The criminal jurisdiction of parliament remained in abeyance, and bills of attainder were the vogue.
This court is presided over by a chief justice, with five puisne judges, and has appellate civil and criminal jurisdiction for the Dominion.
Nevertheless, their exercise of criminal jurisdiction over the laity is now in practice suspended; although in law it subsists (see Stephen, Hist.
It was he who first entrusted criminal jurisdiction to Europeans, and established the Nizamat Sadr Adalat, or appellate court of criminal judicature, at Calcutta; and it was he who separated the functions of collector and judge.
In order to relieve the circuit judges the legislature has established by special acts inferior courts, generally with criminal jurisdiction only, in nine counties of the state.
In the matter of criminal jurisdiction we paused for a moment at the edict of Milan; but we may at once trace this second or civil branch of episcopal judicature or quasi-judicature down as far as the reign of Charlemagne, when it underwent a fundamental change, and became, if either litigant once chose, no longer a matter of consent but of right.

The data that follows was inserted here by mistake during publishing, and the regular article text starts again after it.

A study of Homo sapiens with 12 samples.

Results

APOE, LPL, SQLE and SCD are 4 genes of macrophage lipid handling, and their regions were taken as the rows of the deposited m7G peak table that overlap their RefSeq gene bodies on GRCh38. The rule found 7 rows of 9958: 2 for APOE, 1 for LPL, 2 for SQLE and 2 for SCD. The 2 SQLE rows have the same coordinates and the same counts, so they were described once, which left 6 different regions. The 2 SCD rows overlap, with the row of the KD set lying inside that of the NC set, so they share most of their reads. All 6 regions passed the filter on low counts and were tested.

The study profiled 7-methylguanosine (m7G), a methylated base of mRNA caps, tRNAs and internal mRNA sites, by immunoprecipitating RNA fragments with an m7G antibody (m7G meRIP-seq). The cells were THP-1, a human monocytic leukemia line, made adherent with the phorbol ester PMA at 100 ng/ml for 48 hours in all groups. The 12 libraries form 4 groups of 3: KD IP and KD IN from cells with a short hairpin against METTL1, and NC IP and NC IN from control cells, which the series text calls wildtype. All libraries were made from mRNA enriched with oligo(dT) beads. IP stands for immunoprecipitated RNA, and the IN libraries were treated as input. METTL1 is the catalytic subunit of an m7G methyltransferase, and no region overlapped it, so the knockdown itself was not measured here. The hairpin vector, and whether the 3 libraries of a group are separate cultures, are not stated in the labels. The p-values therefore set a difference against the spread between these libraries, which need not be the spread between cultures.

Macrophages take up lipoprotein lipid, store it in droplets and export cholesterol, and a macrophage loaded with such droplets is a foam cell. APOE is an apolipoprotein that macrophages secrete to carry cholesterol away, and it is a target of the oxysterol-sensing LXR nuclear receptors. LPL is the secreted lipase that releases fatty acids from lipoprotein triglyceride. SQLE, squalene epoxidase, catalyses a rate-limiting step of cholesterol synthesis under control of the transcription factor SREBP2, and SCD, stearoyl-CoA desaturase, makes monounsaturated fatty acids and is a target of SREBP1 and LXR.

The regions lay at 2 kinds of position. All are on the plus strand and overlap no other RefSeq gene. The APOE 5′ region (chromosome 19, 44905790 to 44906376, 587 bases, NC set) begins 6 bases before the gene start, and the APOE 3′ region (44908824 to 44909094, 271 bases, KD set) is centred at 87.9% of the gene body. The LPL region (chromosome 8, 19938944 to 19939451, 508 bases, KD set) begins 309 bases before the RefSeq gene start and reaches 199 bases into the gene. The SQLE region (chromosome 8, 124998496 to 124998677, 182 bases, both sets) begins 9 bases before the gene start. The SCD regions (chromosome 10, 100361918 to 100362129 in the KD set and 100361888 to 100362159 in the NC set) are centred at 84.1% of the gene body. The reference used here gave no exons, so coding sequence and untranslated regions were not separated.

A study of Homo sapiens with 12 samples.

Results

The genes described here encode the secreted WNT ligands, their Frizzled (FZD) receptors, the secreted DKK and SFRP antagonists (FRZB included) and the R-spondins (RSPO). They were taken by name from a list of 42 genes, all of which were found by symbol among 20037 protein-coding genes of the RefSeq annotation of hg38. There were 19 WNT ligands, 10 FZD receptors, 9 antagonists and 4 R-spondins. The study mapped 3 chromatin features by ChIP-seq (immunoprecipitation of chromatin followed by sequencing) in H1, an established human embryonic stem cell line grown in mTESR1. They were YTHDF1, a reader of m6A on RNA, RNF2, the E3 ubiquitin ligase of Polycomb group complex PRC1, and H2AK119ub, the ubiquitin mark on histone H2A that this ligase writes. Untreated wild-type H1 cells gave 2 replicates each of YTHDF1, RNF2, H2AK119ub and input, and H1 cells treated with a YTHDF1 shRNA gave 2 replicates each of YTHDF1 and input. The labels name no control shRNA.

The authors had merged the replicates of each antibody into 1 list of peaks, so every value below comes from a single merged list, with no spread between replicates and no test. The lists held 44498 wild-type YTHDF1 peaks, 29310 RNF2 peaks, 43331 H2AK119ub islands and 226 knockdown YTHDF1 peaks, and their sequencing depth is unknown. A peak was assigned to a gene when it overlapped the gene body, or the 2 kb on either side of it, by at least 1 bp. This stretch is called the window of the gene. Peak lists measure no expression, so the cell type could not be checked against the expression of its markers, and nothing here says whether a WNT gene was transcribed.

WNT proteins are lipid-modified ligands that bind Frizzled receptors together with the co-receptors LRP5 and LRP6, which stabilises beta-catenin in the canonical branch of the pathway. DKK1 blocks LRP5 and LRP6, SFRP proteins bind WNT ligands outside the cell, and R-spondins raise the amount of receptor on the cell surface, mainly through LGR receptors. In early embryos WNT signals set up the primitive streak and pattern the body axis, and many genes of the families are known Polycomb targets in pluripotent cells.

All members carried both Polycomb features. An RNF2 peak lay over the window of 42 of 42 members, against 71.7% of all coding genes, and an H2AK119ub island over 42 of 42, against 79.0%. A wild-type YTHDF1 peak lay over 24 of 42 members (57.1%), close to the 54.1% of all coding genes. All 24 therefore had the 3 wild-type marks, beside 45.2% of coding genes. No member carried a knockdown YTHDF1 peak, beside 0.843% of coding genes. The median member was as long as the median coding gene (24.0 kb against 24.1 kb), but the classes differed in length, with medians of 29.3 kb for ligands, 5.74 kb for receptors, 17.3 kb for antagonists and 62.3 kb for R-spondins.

A local division of the Supreme Court, formerly known as the Witwatersrand high court (consisting of one or more judges of the Supreme Court) sits permanently at Johannesburg and has civil and criminal jurisdiction throughout the Rand.
But Constance refused to give up to the Swiss the right of exercising criminal jurisdiction in the Thurgau, which it had obtained from the emperor in 1417, while the Austrians, having bought Bregenz (in two parts, 1451 and 1523), were very desirous of securing the well-placed city for themselves.
He has also a criminal jurisdiction in conlraventions, i.e.
The patriarch of Constantinople is enabled to exercise an extensive criminal jurisdiction over Christians (Neale, Hist.